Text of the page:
WASHINGTON, DC – FEBRUARY 26: U.S. President Donald Trump speaks at the beginning of a new conference with members of the coronavirus task force, including Vice President Mike Pence in the Brady Press Briefing Room at the White House February 26, 2020 in Washington, DC. Trump updated the American people about what his administration’s ‘whole of government’ response to the global coronavirus outbreak. (Photo by Tasos Katopodis/Getty Images)
What does a president do when he – or everyone surrounding him – realizes his presidency has failed?
Presidents Lyndon Johnson, Richard Nixon, Jimmy Carter, and George H.W. Bush experienced that sinking feeling while in office with re-election or most of the term pending.
To that list, we can add President Donald Trump.
For most of the unfortunate presidents, a particular time or event marked the end of their leadership projects.
LBJ knew it was over on January 30, 1968, when the North Vietnamese invasion of South Vietnam, known as the Tet Offensive, belied his administration’s claim that we were winning the war.
Challenged in the Democratic presidential primaries by two anti-war senators, Eugene McCarthy and Robert Kennedy, Johnson announced on March 31, 1968 that he would not seek re-election.
Engulfed in Watergate soon after his re-election in 1972, Nixon attempted to prevent Congress and the courts from obtaining taped conversations that contained evidence of criminal activity. In October 1973, he fired the special prosecutor seeking the tapes.
However, when Congress confirmed Gerald Ford, the House Republican leader Nixon appointed to succeed the disgraced Spiro Agnew as Vice President, on December 6, 1973, Nixon disengaged.
Apparently, Nixon viewed Ford, whom he disparaged, as an insurance policy against impeachment. But the president miscalculated Ford’s support and concluded he was not going to survive.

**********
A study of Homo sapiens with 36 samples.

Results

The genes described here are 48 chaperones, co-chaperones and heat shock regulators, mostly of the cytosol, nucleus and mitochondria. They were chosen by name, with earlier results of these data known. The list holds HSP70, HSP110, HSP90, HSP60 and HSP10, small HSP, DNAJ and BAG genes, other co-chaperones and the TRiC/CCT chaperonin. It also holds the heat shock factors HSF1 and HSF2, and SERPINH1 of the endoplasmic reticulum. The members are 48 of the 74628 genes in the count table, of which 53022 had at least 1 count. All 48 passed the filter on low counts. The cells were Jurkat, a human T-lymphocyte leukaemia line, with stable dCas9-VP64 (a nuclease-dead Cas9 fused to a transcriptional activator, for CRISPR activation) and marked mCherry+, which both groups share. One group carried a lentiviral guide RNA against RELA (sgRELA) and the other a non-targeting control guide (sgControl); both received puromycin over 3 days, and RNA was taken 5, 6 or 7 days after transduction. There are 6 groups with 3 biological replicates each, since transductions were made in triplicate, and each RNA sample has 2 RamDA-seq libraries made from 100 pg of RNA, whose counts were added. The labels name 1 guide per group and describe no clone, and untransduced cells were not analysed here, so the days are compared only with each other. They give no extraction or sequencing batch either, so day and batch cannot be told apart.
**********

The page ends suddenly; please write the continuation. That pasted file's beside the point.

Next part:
Though Nixon maintained an active public schedule until his resignation on August 9, 1974, he retreated into isolation, rarely meeting with White House staff, Cabinet members, or Congressional leaders.
Carter faced an uphill battle to win re-election in 1980, dealing with high inflation and unemployment at home and the Soviet invasion of Afghanistan and Iran hostage crisis abroad.
Despite months of diplomatic activity to bring home the 52 U.S. embassy employees, seized by Iranian militants in November 1979, Carter made no progress.
The president approved a rescue mission by Delta Force. On April 24, 1980, the attempt proved disastrous, as nine soldiers died from a helicopter crash.
Carter gambled and lost. The hostages did not return until Ronald Reagan was inaugurated president in January 1981.
In contrast to the circumstances of his predecessors’ demise, no single event signaled the end of George H.W. Bush’s presidency.
That is, unless you count Bush’s decision midway in his only term to raise taxes in order to deal with federal budget deficits.
This violated his “Read my lips – no new taxes” pledge at the 1988 Republican National Convention, precipitating an insurgent primary campaign by conservative commentator Pat Buchanan.
Falling behind third-party candidate Ross Perot and Democratic nominee Bill Clinton, Bush repudiated his tax flip-flop and turned the 1992 RNC platform over to Buchanan and religious fundamentalists.
Once riding a 90 percent approval rating after the Persian Gulf War, Bush received only 38 percent of the popular vote when he lost to Clinton in the general election.
Looking at commonalities, all four presidents in crisis modified key policies. Johnson sought a political settlement in Vietnam. Nixon abandoned efforts to dismantle LBJ’s Great Society. Carter obsessed over the hostages. Bush promised to care about the economy.
Except Nixon, the presidents kept working despite their lame-duck status. LBJ and Carter tried but failed to produce October surprises prior to the election.
Importantly, all the doomed presidents accepted their fate when it was time to go, although Nixon resigned only when it was clear he was guilty of leading a criminal cover-up.
Trump is taking a different path.
Trump thinks it is unfair to him that the pandemic happened just at the time he beat impeachment and the unemployment rate was 3.5 percent.
He can’t say what he wants to do in the next four years.
Opinion contributor Fletcher McClellan is a political science professor at Elizabethtown College in Elizabethtown, Pa. His work appears biweekly on the Capital-Star’s Commentary Page. Readers may email him at [email protected], and follow him on Twitter @mcclelef.